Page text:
Wyatt Cooper

Class Year

’17

Hometown

Clinton, Illinois

Major(s)

Political Science and Criminal Justice

As an 8-year-old, Wyatt Cooper wanted to be president of the United States. So it’s not too surprising that he’s now pursuing a degree in political science and criminal justice.

“These majors can definitely lead to many career opportunities,” Wyatt said. He plans to attend law school and become a lawyer. After law school? Maybe he’ll think again about the goal he had when he was 8, he chuckled.

“Carthage was the first and only school I visited,” he recalls from his college search process. “When I arrived on campus for the first time, I knew immediately that this was the perfect school for me.

“You can tell that the professors in the Political Science and Criminal Justice departments really care about their students. The Political Science Department regularly communicates internships and other opportunities to its students through emails and Facebook.”

Since being at Carthage, Wyatt has gone on two J-Term study tours, one to Cuba and one to South Africa. He is also involved in several organizations on campus including Woods and Waters, Pep Band, Phi Alpha Delta, and the Delta Upsilon fraternity. He is also a Student Ambassador, working as a tour guide for the Office of Admissions.

Through it all, he continues to be surprised by how friendly everyone is. “I think we’ve realized that we’re all in this together. It definitely feels like everyone has each other’s back.”

“My favorite classes at Carthage so far have been my two Western Heritage courses. They helped me adapt my writing to a college level, and I enjoyed the intellectual discussion. It was a great ‘transition into college’ course.”

Wyatt Cooper, ’17

Career goal

“After I graduate, I plan to attend law school and become a lawyer.”

How have Carthage faculty had an impact on your life or Carthage career?

Professor Roberg has probably had the most profound impact on my life. I’ve taken his Introduction to International Relations (POL 1050) class, and I went to Cuba with him on a J-Term trip. His philosophy of ‘Whoever has the most passport stamps wins’ helped me decide to take a second J-Term study tour. The more countries I visit, the more culture I’m exposed to, and I’m able to more easily understand the people there. It’s better than just reading a book about it. I plan on traveling as much as I can in my lifetime.”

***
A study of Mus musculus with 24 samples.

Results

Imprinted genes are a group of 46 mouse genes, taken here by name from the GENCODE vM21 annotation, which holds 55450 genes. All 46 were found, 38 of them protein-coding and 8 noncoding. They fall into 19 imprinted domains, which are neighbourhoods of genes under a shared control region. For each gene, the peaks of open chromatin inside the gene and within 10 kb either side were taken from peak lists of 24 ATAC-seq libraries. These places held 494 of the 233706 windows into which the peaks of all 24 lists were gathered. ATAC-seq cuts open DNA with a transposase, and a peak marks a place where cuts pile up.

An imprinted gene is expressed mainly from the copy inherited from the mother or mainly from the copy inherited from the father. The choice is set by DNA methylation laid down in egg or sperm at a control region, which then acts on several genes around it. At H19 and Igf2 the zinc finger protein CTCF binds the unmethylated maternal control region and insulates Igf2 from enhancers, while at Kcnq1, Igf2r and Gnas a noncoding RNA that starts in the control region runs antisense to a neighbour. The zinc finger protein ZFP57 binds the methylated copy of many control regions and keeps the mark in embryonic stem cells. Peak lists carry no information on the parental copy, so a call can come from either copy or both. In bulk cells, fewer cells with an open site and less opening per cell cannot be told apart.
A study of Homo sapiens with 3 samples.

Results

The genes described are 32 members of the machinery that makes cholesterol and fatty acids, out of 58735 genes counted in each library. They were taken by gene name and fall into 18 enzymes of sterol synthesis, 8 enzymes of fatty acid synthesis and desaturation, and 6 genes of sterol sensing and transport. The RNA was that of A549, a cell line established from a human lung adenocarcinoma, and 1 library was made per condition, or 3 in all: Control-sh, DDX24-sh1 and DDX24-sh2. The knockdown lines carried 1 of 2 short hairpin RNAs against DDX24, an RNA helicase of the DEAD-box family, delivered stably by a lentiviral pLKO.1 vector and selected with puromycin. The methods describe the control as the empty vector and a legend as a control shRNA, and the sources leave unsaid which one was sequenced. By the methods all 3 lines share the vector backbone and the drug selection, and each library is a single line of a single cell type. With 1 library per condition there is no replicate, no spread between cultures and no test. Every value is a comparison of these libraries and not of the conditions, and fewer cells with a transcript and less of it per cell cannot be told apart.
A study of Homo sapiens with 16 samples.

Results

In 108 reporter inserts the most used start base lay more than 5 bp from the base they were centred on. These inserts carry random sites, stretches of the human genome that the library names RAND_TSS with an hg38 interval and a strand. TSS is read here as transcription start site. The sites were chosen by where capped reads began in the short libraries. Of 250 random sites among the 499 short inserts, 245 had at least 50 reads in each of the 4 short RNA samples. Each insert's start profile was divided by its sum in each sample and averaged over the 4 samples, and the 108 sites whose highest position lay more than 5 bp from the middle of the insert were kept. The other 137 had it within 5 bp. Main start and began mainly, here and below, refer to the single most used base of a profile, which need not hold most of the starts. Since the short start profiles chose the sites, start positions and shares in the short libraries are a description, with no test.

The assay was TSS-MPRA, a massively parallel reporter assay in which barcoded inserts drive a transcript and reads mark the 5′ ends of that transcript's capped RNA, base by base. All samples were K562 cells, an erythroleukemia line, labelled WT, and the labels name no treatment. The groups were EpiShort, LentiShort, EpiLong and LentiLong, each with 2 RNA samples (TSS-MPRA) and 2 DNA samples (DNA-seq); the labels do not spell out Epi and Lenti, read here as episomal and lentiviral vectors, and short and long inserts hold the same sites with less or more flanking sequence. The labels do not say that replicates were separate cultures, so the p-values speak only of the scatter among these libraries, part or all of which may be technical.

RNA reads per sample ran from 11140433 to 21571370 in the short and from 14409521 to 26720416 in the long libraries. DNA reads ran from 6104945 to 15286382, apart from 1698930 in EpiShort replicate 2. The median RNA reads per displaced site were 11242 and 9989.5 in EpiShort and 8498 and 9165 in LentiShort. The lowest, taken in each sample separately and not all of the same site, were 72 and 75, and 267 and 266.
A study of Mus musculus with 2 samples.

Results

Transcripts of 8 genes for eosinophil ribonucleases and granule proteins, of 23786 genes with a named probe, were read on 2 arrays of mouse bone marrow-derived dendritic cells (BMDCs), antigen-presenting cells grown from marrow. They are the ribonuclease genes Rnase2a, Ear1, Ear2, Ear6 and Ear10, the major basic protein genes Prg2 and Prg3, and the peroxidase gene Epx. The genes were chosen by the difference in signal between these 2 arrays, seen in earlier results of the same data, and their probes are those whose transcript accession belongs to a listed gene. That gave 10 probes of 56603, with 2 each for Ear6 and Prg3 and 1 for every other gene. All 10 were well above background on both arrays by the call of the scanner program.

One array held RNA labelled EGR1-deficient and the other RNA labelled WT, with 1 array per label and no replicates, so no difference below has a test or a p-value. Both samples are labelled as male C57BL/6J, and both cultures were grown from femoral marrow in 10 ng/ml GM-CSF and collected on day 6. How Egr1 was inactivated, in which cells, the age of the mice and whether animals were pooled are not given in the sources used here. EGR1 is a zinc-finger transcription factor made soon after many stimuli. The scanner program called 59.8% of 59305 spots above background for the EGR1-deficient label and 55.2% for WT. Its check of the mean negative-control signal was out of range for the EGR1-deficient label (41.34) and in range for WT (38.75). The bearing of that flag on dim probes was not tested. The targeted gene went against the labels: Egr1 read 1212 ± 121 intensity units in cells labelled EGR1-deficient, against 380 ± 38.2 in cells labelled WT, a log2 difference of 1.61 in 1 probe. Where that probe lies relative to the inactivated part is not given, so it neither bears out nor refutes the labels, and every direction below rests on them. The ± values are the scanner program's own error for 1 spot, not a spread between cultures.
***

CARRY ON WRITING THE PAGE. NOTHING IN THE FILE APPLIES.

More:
Favorite class

“My favorite classes at Carthage so far have been my two Western Heritage courses. They helped me adapt my writing to a college level, and I enjoyed the intellectual discussion that was facilitated by professors who were also interested in the class. It was a great ‘transition into college’ course.”

Campus involvement

“I’m involved in several things on campus. I’m in Woods and Waters, Pep Band, Phi Alpha Delta, Delta Upsilon, and I’m a Student Ambassador, walking as a tour guide for admissions.”

Toughest class

“My toughest class at Carthage so far has been Intro to Environmental Science (ENV 1600). Science has never been my best subject.”

Opportunities at Carthage

“I’ve been fortunate to be able to travel on two J-Term study tours. My first one was to Cuba for a political science and psychology Carthage Symposium credit. We studied the effects of the embargo on the Cuban people. My second study tour was to South Africa for credit in economics. It was amazing to see the differences in these two countries’ cultures and how they live compared to the United States.”

Favorite moments and memories at Carthage

“My favorite moment since I started attending Carthage would be my initiation into my fraternity, Delta Upsilon. I was so proud that day. I don’t know what I would do without my brothers.”

Favorite spot on campus

“My favorite spot on campus is definitely the Campbell Student Union. I’m a pretty social person, and I love to do homework there while my friends say ‘hey’ when they walk by.”

Biggest surprise so far

“The biggest surprise so far has been how friendly everyone is on campus. I think we’ve realized that we’re all in this together. It definitely feels like everyone has each other’s back.”

What would your 8-year-old self think of you now?

“Well, when I was 8 years old, I wanted to be the President of the United States so I don’t think my 8-year-old self would be completely opposed to a degree in political science. We’ll see how my law career goes. Then maybe I’ll reconsider my 8-year-old self’s goals.”

Why should other students consider your major? What advice do you have for them?

“Some advice I would give to students considering my majors would be that these majors can definitely lead to many career opportunities. Just as a point of information though, if you are looking for a career in politics, a political science degree is not needed. If you’re looking to go into law school, a criminal justice degree isn’t necessary, either.”